By Jan Carden
KyForward columnist

We all struggle with negative thinking – negative thinking about our work, our bodies, our financial situation, other people, the meal we just ate, politics, the future, something someone said to us, events in the past.

It’s seemingly endless.

But it’s not surprising. We are hardwired to track and to hold onto negative information more so than positive information. If four people say nice things to me today and one person scowls at me, then I’m more likely to remember the scowl at the end of the day and forget the positive things that were said, for example.

If you hang onto a negative interaction and experience negative thoughts about it (why did they do that?), then you are also more likely to experience a negative feeling, such as sadness, worry, shame or resentment. And if that negative feeling persists, then you are likely to experience a negative mood. If a negative mood goes on for too long, then I am susceptible to developing a mood disorder.

Most people are aware that negative thoughts bring on negative feelings, which can result in negative moods, which can then sometimes result in depression or anxiety. Thoughts affect feelings, feelings affect moods. Once a person is depressed, once he or she has spiraled down into the mind’s dark place, it is often a challenge to recover. And, unfortunately, once someone has had an episode of depression, they’re prone to have another one.

Mental distress is a significant concern. The World Health Organization estimates that 450 million people worldwide suffer from a mental health illness. By 2030, WHO predicts that depression will be the world’s most common illness.

Cognitive therapy helps one identify thoughts that are distorted or irrational. The premise is that by identifying those thoughts and developing more helpful ways of thinking, one can begin to move out of depression.

But there’s a problem. Altering our thoughts and thinking in a clearer, less distorted way is not easy. If you have thought a certain way over and over, if you’ve developed certain ways of thinking about things, then it’s going to be difficult to change. Often we are not even conscious of the habitual thought patterns that occur.

Because these thoughts become habituated and frequently operate in our unconscious, people can sometimes fail to respond to cognitive therapy. And that then becomes another source of distress for people. So not only do they experience negative patterns of thinking and resulting negative moods, they then experience frustration and helplessness for not being able to turn their thoughts around.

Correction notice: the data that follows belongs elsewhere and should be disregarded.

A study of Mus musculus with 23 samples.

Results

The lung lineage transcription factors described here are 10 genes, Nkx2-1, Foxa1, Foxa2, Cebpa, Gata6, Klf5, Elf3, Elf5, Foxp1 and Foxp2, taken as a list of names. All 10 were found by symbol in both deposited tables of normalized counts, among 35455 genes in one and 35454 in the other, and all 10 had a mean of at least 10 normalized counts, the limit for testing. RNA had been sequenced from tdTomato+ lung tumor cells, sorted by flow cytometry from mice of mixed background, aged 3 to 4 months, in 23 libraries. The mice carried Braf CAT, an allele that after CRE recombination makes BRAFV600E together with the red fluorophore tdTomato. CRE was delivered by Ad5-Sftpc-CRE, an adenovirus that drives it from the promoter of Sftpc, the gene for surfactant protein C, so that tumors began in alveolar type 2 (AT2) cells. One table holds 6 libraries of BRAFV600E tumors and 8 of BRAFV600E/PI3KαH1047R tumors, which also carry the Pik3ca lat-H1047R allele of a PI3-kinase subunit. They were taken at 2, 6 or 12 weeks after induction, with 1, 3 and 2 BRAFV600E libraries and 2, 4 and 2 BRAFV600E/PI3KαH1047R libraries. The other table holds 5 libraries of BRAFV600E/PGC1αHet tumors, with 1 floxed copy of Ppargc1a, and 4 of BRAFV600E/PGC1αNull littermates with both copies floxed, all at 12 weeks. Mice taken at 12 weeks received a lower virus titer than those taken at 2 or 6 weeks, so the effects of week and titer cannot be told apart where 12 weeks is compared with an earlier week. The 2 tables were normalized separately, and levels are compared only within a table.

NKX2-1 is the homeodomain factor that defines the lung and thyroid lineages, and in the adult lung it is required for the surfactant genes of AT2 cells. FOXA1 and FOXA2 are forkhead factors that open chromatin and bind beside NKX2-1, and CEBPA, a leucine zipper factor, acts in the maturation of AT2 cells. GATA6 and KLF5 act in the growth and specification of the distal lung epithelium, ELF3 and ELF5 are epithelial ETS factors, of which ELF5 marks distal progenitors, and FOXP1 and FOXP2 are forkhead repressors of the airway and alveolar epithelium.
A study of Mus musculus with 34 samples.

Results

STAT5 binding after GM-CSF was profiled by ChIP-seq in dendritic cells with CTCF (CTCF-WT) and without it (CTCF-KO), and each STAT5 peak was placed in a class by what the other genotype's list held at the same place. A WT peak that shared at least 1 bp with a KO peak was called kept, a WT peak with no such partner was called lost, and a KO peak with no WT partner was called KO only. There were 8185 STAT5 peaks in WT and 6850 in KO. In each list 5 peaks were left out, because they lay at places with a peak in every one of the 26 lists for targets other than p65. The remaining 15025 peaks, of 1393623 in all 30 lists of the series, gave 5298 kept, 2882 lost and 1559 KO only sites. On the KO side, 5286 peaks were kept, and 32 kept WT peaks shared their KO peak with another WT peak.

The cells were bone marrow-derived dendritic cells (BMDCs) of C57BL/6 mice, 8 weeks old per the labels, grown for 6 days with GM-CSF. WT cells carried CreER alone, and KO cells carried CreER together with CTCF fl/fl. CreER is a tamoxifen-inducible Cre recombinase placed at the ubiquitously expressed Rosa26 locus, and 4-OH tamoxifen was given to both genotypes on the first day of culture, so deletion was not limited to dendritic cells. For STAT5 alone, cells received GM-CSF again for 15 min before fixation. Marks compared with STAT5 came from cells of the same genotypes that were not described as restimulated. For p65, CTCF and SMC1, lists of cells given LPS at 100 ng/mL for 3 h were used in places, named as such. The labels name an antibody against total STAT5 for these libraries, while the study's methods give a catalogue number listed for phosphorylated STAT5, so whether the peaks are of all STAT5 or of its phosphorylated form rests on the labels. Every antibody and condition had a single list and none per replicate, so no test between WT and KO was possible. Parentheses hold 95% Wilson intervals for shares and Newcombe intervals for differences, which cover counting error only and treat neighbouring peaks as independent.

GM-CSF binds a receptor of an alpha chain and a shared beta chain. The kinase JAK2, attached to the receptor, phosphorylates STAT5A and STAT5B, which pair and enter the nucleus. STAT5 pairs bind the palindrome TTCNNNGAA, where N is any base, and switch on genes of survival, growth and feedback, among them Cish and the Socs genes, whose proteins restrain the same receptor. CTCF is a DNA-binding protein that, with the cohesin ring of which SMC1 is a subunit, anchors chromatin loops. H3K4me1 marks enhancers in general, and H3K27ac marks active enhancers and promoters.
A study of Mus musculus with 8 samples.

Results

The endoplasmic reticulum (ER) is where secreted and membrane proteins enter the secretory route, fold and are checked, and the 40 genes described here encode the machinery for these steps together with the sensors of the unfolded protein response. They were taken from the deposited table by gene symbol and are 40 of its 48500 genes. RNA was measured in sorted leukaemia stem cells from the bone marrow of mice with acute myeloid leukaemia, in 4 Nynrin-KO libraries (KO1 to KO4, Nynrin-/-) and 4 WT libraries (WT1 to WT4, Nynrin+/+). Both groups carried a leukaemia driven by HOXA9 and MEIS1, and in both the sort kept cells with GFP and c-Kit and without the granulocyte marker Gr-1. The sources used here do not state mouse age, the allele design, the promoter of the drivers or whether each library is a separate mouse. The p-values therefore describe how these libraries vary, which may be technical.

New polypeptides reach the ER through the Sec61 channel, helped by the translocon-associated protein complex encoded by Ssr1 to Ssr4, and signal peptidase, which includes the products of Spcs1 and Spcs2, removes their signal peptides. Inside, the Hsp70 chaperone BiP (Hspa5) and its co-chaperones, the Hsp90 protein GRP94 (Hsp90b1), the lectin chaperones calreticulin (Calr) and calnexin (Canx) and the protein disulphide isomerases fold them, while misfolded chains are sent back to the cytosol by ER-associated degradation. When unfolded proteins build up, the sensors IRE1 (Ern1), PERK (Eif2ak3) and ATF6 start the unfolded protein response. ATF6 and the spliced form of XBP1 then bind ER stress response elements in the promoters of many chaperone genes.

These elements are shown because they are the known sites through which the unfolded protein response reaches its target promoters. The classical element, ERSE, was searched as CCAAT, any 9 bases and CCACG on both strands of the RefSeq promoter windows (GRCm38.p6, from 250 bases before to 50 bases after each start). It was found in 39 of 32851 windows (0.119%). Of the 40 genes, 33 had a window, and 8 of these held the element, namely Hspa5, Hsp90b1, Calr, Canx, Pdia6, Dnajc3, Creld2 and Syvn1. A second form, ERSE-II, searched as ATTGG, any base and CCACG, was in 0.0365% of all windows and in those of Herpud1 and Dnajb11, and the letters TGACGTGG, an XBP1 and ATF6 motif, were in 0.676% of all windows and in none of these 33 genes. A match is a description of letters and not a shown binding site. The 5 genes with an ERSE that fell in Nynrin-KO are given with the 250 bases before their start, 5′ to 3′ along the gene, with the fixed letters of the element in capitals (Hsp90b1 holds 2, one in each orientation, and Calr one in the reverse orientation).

A different approach to target habitual patterns of negative thinking is to cultivate mindfulness of thoughts. In mindfulness, one learns to be aware of his or her thoughts and to not get caught up in those thoughts. It’s much like observing the sky and watching the clouds go by. We don’t judge the clouds nor do we engage with them. We just observe them pass by.

There are some estimates that a feeling only lasts 90 seconds. We sometimes experience the feelings for longer periods of time because we get hooked by them and associate thoughts and even stories about the feelings we are experiencing. By being mindful of our thoughts, we can identify when a negative thought arises, acknowledge the thought without any judgment and then watch it pass by. By avoiding engaging with, or attaching to the thought or judging the thought, we avoid the suffering.

How does one achieve mindfulness? Daily meditation cultivates mindfulness. In meditation, you sit and focus on your breath or a word or phrase (a mantra.) A thought or string of thoughts will inevitably arise. Rather than judge the thought or engage with the thought, you will acknowledge the thought and then return to the breath or mantra.

It is recommended that you sit down to meditate. It helps to designate a specific time every day to meditate and to sit for shorter lengths of time, such as five minutes, in the beginning and then gradually increase the time.  

Whenever you notice that you’re distracted, make a mental note, “thinking,” and then gently turn your attention back to the breath or mantra. You can then practice mindfulness of thoughts throughout the day.

It helps to identify one pattern of thinking, such as worrying about tomorrow, and then to be aware when this pattern of thinking comes up and gently turn your focus to your breath. This retrains your brain and reduces negative thought patterns.

In being more mindful of our thoughts, we lessen the chances of a negative mood. By practicing mindfulness we develop more compassion and joy in our life and we markedly reduce the chances for mental health problems. The lovely part about this practice is it is always available and it continues to grow. What a gift we can give to ourselves and to those in our lives.

Jan C. Carden is a licensed clinical social worker at Access Wellness Group in Lexington where she provides individual and family counseling. Jan works with adolescents, families and women. She uses a combination of cognitive behavioral therapy and mindfulness in her work and specializes in issues related to addiction, trauma, depression and anxiety. Carden lives in Lexington with her husband. She has three grown children and one granddaughter.